Have you ever sat looking at the piles of papers surrounding you and wondered where to start? While you may be tempted to feed them through the shredder without looking twice, that isn’t the best approach. Sorting the piles is the first step to clearing them. The question is how to decide what papers to keep. What to do with the papers? Where to put them?  It’s time to make decisions. Here are 3 questions that will help you reduce the piles of papers that have been collecting on your desk. Once you’ve cleared the stacks, use these questions to prevent future piles.

Why do I need this? If there is a clear and definitive reason for keeping a specific document, then you probably need it. Legal and financial documents are good examples of documents that you may need to keep in hard copy. Other items like pads or notebooks from the last couple of years containing your daily notes usually don’t need to be kept. The most you may want to do is to quickly review the contents before tossing them.

Does action need to be taken?  This is an easy way to separate those papers that are needed from those that are not. Look for those documents where some type of action is going to be required. Start with those documents that must be kept and should be filed. In other cases, the paper is a reminder that you need to make a call, send an email, do some research or confer with a colleague. Different types of action… but good reasons to keep the paperwork at least until you can add the task to your to-do list.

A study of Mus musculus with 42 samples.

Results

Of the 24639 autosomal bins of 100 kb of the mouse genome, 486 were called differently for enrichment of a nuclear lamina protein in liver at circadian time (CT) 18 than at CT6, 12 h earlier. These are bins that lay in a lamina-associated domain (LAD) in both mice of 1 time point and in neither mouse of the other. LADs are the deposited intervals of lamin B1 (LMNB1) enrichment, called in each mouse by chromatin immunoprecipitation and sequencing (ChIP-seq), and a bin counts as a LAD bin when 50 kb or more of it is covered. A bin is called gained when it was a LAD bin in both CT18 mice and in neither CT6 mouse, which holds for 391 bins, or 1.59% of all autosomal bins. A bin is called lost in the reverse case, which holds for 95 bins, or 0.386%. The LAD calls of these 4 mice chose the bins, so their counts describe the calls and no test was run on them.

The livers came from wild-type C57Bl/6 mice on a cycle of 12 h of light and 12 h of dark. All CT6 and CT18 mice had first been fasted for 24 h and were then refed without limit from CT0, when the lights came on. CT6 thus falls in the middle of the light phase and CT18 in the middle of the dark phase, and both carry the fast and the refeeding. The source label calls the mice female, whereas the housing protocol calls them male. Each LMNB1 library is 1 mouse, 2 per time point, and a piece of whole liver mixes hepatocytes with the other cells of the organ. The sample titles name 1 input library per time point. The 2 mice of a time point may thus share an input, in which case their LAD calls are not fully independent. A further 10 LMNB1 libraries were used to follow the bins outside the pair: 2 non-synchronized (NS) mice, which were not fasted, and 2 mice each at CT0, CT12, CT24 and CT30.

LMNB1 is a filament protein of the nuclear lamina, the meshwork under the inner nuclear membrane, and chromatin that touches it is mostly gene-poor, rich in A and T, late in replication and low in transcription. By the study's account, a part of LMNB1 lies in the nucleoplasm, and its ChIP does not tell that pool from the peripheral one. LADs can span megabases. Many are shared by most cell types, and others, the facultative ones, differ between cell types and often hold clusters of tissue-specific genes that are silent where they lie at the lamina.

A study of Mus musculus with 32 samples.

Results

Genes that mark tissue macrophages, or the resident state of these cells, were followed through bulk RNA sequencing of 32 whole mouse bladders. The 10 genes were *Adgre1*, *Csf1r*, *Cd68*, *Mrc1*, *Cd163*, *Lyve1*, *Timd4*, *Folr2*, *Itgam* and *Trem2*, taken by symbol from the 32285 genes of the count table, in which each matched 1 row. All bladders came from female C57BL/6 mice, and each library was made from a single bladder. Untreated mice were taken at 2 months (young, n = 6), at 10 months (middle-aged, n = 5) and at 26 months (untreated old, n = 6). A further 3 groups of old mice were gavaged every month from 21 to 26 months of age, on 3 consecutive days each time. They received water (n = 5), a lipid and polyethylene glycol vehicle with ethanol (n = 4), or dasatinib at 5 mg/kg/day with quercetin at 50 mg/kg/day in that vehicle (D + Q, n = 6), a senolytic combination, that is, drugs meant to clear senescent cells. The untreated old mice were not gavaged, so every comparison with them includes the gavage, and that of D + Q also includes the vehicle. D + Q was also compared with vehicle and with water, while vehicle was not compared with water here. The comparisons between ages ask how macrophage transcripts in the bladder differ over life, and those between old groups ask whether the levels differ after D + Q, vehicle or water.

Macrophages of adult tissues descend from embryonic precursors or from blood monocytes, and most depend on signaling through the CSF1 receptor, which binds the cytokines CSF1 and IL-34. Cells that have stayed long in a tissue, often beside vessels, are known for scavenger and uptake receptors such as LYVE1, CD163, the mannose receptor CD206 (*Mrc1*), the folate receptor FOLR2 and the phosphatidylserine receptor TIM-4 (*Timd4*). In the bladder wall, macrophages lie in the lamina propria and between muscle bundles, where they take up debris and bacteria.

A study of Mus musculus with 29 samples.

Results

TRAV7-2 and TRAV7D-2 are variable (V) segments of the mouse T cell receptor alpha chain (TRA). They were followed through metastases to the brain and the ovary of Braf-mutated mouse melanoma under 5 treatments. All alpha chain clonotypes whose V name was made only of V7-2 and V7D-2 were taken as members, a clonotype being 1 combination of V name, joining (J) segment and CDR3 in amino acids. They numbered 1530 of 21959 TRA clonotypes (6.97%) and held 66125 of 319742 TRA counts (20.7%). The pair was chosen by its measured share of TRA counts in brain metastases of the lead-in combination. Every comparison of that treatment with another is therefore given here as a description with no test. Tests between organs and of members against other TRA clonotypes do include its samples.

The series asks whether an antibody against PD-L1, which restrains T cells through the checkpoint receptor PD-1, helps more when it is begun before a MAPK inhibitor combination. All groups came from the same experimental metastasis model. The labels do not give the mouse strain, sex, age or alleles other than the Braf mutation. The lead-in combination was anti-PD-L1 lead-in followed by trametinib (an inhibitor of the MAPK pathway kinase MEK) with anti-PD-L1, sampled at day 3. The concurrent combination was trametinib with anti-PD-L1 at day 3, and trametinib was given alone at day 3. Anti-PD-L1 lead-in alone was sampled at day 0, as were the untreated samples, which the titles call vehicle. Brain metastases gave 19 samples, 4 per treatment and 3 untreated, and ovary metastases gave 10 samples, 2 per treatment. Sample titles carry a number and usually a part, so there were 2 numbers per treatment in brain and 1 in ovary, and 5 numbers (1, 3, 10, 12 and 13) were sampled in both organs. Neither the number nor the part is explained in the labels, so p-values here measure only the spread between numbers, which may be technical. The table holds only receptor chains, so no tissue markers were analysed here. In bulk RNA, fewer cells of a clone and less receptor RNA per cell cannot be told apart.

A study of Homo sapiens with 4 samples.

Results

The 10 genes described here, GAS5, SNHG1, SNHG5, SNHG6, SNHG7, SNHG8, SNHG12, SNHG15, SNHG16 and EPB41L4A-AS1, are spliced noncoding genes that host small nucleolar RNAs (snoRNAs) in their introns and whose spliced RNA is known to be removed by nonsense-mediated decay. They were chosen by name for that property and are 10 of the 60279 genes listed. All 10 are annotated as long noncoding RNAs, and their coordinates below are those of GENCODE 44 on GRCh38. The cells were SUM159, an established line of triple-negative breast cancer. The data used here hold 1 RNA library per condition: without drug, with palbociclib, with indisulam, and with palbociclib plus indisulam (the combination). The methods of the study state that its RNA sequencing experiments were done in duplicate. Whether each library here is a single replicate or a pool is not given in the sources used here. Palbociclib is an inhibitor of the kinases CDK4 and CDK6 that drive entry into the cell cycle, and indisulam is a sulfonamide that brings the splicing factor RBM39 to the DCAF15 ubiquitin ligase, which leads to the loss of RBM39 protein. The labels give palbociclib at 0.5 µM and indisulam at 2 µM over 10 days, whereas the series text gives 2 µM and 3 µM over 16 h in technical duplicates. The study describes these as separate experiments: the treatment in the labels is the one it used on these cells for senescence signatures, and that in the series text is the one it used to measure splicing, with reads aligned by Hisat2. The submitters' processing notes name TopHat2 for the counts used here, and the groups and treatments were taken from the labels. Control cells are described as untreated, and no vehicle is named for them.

Where can I get another copy?  If you know where the information can be found should you need it in the future, then it will be easier to toss or shred the paperwork. Keep in mind that a lot of information is easily accessible online. Hence, there is no need to keep back issues of publications that you haven’t had a chance to read. As for reports drafted by colleagues or provided by a legal or financial advisor, they will have copies. Just as long as you know the name of the person who created the original, you can always get another copy.

These questions are how to decide what papers to keep. As you file those documents that need to be kept, be sure to update your retention checklist so that it will continue to be a valuable tool in managing your paperwork. Have you been struggling with clearing the paper piles? I would be happy to share 2 additional tips with you. Reach out now.